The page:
Winston Churchill is one of the most influential people to ever hold the office of Prime Minister of the United Kingdom. He came to power in the darkest days of World War II and rallied Britain with his profound oratorical skill.
According to Churchill’s own account of his childhood, his was an unlikely rise to power. A slow learner, he never mastered Latin, which was considered a necessary part of education at the time. Instead, as he said, “I got into my bones the essential structure of the ordinary British sentence, which is a noble thing.” His sentences would serve him well in his career — and even move nations.
Churchill’s lonely childhood turned into a source of strength for him as a young man. He reflected, “Solitary trees, if they grow at all, grow strong.” He read books to make up for his patchy education, and one of his favorite things to do was read quotations. “It is a good thing for an uneducated man to read books of quotations,” Churchill said. “The quotations when engraved upon the memory give you good thoughts.” His love of old books formed the basis of his mastery of English. In particular, historian Edward Gibbon’s series The History of the Decline and Fall of the Roman Empire, with its soaring phrases and elegant style, entered Churchill’s mind and shaped his future work.
The eloquent, rousing speeches Churchill made during the war were among the reasons he was awarded the Nobel Prize in Literature in 1953. His fame for wit, however, also made him a magnet for misquotation. For years, whenever someone heard a clever saying it was easy to claim it as another one of Churchill’s quips. In fact, misquoting Churchill was so common, the very phenomenon of crediting famous figures with someone else’s words was dubbed “Churchillian drift.” To set the record straight, the International Churchill Society compiled a long list of quotes falsely attributed to the former prime minister. Here are 10 of the most famous things Churchill never actually said.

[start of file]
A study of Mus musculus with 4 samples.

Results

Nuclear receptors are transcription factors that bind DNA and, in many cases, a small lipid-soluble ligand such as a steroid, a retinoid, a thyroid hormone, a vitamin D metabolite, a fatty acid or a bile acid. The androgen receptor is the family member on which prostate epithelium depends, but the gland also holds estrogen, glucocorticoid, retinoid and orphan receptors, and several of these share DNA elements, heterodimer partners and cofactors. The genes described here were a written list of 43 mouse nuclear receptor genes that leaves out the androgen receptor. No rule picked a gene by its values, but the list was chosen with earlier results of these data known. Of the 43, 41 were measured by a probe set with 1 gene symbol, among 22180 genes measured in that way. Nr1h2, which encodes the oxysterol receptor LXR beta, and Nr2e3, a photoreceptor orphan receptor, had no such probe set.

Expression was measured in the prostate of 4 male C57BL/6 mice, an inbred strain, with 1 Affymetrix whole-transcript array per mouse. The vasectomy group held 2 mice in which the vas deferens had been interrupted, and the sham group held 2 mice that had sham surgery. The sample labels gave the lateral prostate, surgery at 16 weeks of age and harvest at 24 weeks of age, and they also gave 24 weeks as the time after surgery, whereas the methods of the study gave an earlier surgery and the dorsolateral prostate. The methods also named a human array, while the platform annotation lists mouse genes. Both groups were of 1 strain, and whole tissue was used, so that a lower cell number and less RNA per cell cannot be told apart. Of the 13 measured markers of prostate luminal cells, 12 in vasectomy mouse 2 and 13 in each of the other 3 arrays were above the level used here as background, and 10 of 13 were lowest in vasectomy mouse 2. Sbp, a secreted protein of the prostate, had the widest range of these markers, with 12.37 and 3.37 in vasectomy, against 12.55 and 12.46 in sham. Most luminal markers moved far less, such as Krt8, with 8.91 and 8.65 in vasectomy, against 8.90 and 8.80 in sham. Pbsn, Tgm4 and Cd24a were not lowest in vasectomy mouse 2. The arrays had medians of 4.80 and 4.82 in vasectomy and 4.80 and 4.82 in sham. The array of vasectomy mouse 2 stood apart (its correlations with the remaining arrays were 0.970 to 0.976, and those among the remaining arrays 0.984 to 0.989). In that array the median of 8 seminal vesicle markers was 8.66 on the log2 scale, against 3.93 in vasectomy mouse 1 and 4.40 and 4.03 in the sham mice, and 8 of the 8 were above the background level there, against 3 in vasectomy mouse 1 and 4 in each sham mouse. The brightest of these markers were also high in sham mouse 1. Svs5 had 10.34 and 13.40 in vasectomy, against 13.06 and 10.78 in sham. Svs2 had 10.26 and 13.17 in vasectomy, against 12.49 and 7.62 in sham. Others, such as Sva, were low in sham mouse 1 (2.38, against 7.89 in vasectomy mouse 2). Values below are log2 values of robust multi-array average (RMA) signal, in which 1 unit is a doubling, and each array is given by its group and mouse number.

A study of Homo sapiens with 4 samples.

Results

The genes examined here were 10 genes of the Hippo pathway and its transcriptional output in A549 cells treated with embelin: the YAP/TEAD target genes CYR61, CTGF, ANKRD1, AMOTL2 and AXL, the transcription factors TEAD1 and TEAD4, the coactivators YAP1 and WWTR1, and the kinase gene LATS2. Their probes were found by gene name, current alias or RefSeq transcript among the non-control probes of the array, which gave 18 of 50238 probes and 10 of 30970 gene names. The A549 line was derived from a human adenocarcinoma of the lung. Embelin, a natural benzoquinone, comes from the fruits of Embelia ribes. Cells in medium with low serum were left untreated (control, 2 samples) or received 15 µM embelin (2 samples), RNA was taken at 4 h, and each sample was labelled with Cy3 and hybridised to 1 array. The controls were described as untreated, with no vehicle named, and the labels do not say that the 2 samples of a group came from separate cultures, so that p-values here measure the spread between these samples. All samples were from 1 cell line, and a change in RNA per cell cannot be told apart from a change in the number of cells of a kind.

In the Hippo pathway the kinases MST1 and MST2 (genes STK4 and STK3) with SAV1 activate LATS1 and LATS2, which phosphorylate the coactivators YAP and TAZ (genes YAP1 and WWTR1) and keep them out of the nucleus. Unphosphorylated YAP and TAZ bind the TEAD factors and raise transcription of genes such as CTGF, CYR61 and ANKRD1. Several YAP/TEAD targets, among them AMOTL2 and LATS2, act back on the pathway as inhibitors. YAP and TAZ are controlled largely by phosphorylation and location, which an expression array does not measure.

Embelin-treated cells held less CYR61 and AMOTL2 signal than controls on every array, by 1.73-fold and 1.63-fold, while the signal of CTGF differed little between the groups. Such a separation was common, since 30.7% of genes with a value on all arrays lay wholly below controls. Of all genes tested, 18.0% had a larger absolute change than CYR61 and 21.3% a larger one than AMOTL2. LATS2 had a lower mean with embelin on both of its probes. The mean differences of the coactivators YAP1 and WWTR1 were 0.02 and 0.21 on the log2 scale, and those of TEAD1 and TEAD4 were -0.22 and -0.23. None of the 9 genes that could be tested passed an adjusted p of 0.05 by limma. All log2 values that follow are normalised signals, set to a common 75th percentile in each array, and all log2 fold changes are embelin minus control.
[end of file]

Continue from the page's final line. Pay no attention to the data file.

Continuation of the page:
Success consists of going from failure to failure without losing your enthusiasm.
– Found nowhere in Churchill’s writings, and often attributed to Abraham Lincoln, also without verification
You have enemies? Good. That means you’ve stood up for something, sometime in your life.
– First appeared in the works of Victor Hugo in 1845
Kites rise highest against the wind, not with it.
– A lovely metaphor often credited to Churchill, but actually written by author and critic John Neal in 1846
This is the sort of English up with which I will not put.
– A supposed comment on a complexly worded memorandum, but with no link to Churchill
The pessimist sees difficulty in every opportunity. The optimist sees the opportunity in every difficulty.
– This classic Churchill misquote may have originated with English politician Bertram Carr in 1919
A good speech should be like a woman’s skirt: long enough to cover the subject and short enough to create interest.
– First quoted in 1920 but with no attribution (Churchill’s jokes tended to avoid what he considered smut)
The best argument against democracy is a five-minute conversation with the average voter.
– Found nowhere in Churchill’s works, and unlike his other statements championing democracy
Americans will always do the right thing — after exhausting all the alternatives.
– Churchill may have shared the sentiment, but there’s no evidence linking him to this cheeky quote
If you’re not a liberal when you’re 25, you have no heart. If you’re not a conservative by the time you’re 35, you have no brain.
– Unlikely to be Churchill as he was a conservative when young but switched to the Liberal party aged 30
The heaviest cross I have to bear is the Cross of Lorraine.
– Referring to working with French leader Charles de Gaulle. Churchill denied saying it, but added “I’m sorry I didn’t, because it was quite witty and so true!”